An article published February 9 in The Daily Beast titled “What Military Base Shootings Reveal about the Mental Health Debate” examines if better mental health screening can prevent future tragedies from occurring.
Psychology Associate Professor Jason Schiffman was interviewed for the story and is currently a staff member at Maryland’s Center for Excellence on Early Intervention for Serious Mental Illness. In the article, he argues early treatment for people experiencing symptoms of psychosis and schizophrenia can help prevent them from causing harm to themselves or others.
“Studies show one in 5 people in their early phases of psychosis will have a suicide attempt, which is a really high number,” Schiffman said. He is working with his team of researchers to identify young people with psychosis in order to help them get on a path towards leading a life they want to live.
“They may not have the full symptoms of psychosis, such as delusions, or beliefs held onto tenaciously despite evidence to the contrary. They may not be hearing voices or believe the FBI has planted a microchip in their tooth,” Schiffman explains. “But a lot of times people who eventually develop psychosis have anxiety symptoms early on. They suffer from distress that they can’t exactly explain.”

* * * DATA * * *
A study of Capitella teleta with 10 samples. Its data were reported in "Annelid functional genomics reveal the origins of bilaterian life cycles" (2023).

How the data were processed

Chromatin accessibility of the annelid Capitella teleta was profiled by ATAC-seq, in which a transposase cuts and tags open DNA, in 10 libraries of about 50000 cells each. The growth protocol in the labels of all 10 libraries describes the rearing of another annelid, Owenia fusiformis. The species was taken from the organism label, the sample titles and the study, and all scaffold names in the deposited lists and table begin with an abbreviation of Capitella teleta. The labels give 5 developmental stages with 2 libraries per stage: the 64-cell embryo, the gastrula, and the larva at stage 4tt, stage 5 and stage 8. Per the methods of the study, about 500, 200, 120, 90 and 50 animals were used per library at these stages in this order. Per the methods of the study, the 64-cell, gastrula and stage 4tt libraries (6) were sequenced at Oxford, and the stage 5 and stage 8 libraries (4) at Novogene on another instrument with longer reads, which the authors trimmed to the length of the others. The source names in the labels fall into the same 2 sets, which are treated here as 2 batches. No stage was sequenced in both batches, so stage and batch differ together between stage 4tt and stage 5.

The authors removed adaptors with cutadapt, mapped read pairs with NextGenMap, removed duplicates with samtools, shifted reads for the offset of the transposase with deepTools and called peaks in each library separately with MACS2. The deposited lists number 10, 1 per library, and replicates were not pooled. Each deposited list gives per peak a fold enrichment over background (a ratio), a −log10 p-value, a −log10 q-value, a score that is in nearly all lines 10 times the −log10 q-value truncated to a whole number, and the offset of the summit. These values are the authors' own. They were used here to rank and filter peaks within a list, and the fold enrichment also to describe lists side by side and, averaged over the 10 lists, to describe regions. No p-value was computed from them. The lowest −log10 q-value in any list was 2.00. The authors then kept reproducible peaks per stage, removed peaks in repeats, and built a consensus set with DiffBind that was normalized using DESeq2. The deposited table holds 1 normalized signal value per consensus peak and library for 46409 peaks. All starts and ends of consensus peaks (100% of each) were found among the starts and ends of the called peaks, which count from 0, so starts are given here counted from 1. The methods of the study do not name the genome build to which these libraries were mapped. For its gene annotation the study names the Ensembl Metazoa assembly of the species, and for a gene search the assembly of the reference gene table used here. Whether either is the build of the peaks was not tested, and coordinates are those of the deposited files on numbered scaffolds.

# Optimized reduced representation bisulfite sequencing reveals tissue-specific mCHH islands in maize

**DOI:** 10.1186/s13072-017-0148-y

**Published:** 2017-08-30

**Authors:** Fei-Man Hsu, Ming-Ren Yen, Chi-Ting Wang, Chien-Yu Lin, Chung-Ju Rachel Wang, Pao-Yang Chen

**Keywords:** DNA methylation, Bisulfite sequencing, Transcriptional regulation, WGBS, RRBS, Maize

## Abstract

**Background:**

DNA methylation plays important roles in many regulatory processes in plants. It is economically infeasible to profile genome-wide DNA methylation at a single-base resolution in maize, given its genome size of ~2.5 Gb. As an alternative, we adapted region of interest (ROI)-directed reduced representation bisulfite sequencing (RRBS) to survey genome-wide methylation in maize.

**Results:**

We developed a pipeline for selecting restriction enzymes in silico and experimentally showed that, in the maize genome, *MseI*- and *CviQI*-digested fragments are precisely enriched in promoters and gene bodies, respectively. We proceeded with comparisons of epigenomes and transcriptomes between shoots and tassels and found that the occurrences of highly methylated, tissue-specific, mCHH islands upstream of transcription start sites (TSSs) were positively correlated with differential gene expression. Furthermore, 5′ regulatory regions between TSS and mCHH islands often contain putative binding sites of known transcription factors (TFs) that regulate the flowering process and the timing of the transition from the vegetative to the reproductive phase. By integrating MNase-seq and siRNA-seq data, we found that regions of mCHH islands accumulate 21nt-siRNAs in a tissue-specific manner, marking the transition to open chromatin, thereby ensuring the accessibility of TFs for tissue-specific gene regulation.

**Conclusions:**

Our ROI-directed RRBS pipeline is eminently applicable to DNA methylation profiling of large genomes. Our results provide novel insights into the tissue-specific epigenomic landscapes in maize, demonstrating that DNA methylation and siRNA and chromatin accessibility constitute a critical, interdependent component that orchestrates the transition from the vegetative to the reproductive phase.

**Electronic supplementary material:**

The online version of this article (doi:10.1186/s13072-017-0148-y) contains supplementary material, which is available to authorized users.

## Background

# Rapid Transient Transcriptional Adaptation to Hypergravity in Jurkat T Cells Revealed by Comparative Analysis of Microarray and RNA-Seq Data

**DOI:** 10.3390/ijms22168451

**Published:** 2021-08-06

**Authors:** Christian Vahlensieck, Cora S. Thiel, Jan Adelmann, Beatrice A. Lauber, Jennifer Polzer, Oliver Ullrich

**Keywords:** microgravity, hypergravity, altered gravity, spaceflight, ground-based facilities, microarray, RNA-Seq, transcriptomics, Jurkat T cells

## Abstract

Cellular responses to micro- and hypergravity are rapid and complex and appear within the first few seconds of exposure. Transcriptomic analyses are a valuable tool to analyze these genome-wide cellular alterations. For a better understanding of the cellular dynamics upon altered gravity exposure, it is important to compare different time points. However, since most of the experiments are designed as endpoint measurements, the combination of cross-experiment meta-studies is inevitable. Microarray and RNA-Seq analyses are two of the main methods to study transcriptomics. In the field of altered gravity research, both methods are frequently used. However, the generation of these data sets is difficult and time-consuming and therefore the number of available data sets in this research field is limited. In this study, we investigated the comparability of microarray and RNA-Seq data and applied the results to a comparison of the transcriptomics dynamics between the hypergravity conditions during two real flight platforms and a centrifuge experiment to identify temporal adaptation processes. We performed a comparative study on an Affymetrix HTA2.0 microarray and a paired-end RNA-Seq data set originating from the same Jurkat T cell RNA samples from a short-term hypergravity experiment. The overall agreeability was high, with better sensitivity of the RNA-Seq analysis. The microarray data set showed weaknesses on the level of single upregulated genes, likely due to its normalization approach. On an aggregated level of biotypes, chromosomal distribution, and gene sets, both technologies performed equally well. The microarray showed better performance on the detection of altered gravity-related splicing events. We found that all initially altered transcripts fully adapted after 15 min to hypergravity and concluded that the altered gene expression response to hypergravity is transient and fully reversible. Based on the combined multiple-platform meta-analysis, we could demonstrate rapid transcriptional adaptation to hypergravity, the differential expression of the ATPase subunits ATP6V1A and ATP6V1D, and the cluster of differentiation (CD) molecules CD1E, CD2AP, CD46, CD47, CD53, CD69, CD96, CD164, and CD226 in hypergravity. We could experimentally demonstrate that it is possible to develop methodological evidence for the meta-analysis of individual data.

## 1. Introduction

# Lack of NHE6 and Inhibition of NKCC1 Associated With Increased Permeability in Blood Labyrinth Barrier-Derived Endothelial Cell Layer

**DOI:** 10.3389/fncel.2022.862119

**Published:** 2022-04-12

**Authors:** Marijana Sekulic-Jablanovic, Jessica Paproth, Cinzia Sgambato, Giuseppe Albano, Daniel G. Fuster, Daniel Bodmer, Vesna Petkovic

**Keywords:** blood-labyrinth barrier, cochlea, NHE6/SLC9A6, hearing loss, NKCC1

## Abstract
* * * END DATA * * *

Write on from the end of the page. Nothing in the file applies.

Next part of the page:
In the article, Schiffman also points to other countries such as Norway and Australia which dedicate money and resources to reducing stigma associated with mental illness.
“In Norway, mental health concerns are not considered something you have to hide or something that makes you a bad person,” said Schiffman. “In Australia, they approach young people from a community-oriented perspective. Mental health centers are kind of like YMCAs, where young people are playing pool, talking, not stigmatized into hiding who they are.”
You can read the full article in The Daily Beast here.